Walkers say they are being denied access to parts of Ilkley Moor by shooting parties.

The Friends of Ilkley Moor (FOIM) say they have received “credible” reports of confrontations during the grouse season, from August to December.

But the head of the Bingley Moor Partnership, which owns shooting rights on Rombalds Moor, said there had been no recent conflicts.

In its latest newsletter, FOIM chairman Owen Wells said that the rights of walkers always transcended those of the shoot.

“We have first-hand information that one of our members was told that they could not proceed on a path because a shoot was in progress,” he said.

“There is no excuse for this. Walkers have priority on Ilkley Moor, and have every right to continue their walk regardless of any inconvenience that may be caused to the shoot.”

He said shooting parties should put out warning signs and suggested that volunteers from FOIM could accompany them as independent marshals.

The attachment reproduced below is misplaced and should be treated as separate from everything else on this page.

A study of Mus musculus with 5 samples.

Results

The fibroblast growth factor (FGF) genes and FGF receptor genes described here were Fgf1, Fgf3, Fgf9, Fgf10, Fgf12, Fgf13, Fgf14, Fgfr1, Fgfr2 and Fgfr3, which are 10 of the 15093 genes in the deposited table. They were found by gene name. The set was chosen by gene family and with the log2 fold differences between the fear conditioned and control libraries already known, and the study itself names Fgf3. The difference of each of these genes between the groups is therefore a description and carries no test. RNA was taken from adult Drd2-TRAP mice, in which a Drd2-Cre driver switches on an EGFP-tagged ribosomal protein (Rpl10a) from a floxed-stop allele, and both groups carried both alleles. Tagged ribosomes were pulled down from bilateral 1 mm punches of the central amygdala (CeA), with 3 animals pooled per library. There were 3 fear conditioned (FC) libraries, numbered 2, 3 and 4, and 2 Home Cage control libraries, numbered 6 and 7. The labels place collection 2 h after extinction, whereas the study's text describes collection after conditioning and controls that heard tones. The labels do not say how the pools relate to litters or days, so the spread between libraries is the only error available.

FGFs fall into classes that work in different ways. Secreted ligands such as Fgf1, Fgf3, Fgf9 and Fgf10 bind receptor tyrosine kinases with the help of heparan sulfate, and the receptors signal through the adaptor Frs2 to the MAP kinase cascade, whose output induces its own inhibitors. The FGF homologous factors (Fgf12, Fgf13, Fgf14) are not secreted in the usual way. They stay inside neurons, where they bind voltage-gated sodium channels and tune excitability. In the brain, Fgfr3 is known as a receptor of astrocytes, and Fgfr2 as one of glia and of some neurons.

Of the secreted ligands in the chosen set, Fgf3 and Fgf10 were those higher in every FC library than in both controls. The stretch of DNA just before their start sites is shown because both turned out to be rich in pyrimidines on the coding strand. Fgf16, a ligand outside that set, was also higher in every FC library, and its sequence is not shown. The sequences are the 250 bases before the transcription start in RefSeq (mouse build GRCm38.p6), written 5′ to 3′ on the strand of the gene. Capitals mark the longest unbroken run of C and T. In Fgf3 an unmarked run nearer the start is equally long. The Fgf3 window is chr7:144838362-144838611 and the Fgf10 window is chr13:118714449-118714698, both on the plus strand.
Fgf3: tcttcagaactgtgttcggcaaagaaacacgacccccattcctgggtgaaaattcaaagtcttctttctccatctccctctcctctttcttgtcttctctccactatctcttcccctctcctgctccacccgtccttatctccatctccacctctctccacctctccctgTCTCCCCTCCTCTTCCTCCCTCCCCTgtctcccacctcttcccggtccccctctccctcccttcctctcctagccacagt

“We do think that on the day of a shoot signs are a way of diffusing possible conflicts so that walkers will know to go in a different direction,” he said.

FOIM has issued two papers on good practice for walkers and shooting. But if a walker declines to turn back, marshals must instruct the guns to stop firing.

The Bingley Moor Partner-ship won the contract to run grouse shoots on the moor in 2008, but must provide moorland management support to Bradford Council as part of the deal, including the services of a gamekeeper.

Member Edward Bromet said only a few days’ shooting a year took place on Ilkley Moor and that the incident in question had been resolved amicably. “It was a perfectly amiable conversation and the walker very happily waited until the shoot had taken place,” he said.

“We brief our employees very carefully about the rights of walkers and it all works very well indeed.”

He said signs would only serve to encourage militant animal rights campaigners but they were happy to continue talks about having independent marshals.